Oh, Ron Burgundy, where have you been? How I’ve missed your Hindenburg-like bravado, your charming naiveté, your complete lack of graft, and your unflappable emotional authenticity. I would say the world needs more people like you, but God help us if the world had more people like you.
Anchorman 2: The Legend Continues comes to us with as much unabashed silliness as its predecessor and just a touch more current, topical relevance. In this installment, Ron is on the outs with his wife, Veronica, and, to win her back, takes a job on the very first twenty-four hour news channel. Along the way, he reassembles his news team, helms the most hilarious and calamitous cross-country road trip of all time, and unwittingly kickstarts the info-tainment that currently passes for news in this country. Anchorman 2 is wonderful.
I do truly admire Ron Burgundy’s genuine innocence. He expects the best in every circumstance. Yes, that means he is prone to reveling in his rich mahogany and leather-bound books (that he probably hasn’t read), but he also expects the best from others and from the world. He believes that people are good and that they will be good to each other. Our cynical world could use a few more Ron Burgundies.
On the other hand, he so wholeheartedly expects good from others and from the world, he is blindsided when anyone double crosses him or uses his innocence against him. He lacks wisdom, quite clearly, and his lack of wisdom leads him into making some poor decisions. If it wasn’t for his friends, family, and faithful companion Baxter – Never forget Baxter, Friend of the Bears! – Ron wouldn’t be able to find his way out of the predicaments he gets himself into because of his child-like innocence and arrogance.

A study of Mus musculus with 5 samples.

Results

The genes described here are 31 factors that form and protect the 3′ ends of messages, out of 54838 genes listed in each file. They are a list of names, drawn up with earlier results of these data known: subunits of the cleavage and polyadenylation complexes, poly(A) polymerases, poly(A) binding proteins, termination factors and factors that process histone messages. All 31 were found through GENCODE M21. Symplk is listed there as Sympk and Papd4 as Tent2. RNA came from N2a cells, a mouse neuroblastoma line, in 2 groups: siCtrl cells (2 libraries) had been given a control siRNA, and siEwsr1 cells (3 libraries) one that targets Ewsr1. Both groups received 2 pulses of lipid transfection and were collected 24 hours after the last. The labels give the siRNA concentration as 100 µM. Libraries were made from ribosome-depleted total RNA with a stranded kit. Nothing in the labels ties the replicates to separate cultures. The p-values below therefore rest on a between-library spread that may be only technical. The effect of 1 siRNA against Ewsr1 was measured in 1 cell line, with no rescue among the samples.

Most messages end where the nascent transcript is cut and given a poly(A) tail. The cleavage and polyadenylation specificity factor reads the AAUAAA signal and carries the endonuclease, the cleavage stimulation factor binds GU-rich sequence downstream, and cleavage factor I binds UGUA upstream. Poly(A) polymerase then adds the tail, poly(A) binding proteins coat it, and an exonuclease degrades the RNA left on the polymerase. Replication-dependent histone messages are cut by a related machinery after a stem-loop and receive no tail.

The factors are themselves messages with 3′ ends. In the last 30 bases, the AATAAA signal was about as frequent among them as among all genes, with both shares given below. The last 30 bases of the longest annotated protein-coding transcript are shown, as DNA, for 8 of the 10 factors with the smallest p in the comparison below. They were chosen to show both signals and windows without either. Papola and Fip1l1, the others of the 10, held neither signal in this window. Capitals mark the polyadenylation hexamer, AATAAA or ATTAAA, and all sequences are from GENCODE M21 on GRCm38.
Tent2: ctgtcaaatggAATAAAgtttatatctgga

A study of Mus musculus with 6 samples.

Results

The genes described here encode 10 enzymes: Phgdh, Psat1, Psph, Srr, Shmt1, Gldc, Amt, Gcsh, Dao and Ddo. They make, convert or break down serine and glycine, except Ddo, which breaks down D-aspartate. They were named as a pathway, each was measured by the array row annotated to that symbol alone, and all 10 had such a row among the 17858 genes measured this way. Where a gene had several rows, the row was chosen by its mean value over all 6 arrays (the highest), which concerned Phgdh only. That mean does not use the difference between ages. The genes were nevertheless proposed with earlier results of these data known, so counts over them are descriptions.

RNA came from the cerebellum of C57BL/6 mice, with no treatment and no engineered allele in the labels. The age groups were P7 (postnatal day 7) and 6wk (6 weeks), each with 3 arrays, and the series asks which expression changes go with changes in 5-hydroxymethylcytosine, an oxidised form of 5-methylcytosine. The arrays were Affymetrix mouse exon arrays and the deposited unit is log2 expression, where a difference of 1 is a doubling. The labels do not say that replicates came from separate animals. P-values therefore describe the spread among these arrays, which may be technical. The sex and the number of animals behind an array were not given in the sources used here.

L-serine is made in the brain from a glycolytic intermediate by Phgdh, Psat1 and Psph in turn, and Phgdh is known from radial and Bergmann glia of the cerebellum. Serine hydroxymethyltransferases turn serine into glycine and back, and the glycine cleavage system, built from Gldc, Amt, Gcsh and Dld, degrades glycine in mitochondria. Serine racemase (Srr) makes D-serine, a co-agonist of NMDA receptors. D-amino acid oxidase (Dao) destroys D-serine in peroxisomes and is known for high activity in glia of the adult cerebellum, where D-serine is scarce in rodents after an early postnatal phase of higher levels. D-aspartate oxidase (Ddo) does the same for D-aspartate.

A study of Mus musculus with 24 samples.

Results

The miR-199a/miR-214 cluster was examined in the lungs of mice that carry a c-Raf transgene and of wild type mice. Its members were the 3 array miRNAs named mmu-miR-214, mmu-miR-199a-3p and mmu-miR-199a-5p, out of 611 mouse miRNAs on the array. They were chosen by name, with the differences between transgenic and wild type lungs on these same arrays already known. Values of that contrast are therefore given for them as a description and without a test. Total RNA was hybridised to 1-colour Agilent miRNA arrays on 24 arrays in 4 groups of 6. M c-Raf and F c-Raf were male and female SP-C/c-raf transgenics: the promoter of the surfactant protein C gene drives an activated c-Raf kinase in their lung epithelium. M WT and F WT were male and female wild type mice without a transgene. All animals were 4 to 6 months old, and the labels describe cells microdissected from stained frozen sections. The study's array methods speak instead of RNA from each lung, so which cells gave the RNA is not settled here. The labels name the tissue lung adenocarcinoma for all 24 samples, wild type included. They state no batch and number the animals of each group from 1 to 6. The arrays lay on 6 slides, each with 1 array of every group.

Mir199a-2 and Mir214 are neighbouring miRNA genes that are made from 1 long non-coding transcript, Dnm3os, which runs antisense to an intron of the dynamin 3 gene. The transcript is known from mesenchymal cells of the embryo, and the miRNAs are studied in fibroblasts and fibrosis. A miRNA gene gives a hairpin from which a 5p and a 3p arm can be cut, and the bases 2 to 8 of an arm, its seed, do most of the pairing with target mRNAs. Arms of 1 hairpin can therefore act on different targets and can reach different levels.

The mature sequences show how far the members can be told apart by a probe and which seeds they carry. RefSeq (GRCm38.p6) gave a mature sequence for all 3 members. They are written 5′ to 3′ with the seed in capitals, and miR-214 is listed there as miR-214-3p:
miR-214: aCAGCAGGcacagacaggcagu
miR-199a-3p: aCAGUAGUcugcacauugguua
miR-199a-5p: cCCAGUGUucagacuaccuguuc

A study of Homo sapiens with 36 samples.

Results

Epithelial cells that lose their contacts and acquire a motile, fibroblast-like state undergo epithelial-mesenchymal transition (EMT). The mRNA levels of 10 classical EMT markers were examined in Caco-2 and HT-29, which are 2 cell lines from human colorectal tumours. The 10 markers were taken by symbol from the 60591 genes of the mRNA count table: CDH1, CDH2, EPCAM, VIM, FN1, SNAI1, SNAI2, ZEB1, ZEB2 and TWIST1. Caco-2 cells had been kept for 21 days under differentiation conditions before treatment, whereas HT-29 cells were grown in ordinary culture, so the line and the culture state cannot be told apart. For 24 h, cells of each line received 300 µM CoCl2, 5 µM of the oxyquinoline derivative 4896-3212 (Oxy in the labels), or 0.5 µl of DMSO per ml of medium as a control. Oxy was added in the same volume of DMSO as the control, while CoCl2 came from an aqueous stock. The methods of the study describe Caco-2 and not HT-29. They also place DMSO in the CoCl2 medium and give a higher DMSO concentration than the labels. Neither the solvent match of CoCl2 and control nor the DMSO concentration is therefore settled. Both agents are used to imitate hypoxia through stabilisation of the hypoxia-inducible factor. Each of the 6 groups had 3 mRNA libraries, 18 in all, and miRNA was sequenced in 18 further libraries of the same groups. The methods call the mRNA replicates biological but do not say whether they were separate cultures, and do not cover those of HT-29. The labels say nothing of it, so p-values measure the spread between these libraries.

Of course, Ron’s friends need him too. His faith in them inspires them to be something better than what they would otherwise become. He gets them to lighten up and enjoy life a little. He even manages to bring one of them back from the dead, sorta. Ron’s optimism coupled with his indelible confidence in his own and others’ abilities has the ability to right all wrongs, reconcile all differences, and make the world a more wonderful place.
Because ultimately and obviously, Ron Burgundy’s story is a comedy, not a tragedy, so though things might go dark for a while, everything is going to work out in the end. There are powers at play here that are bent toward good, so if Ron leans a little too heavily in the direction of naive optimism, at least he’s leaning in the right direction. And when it all works out, to his credit, he’ll be the last to say “I told you so,” because he’ll never have imagined anyone could ever expect things to turn out any other way.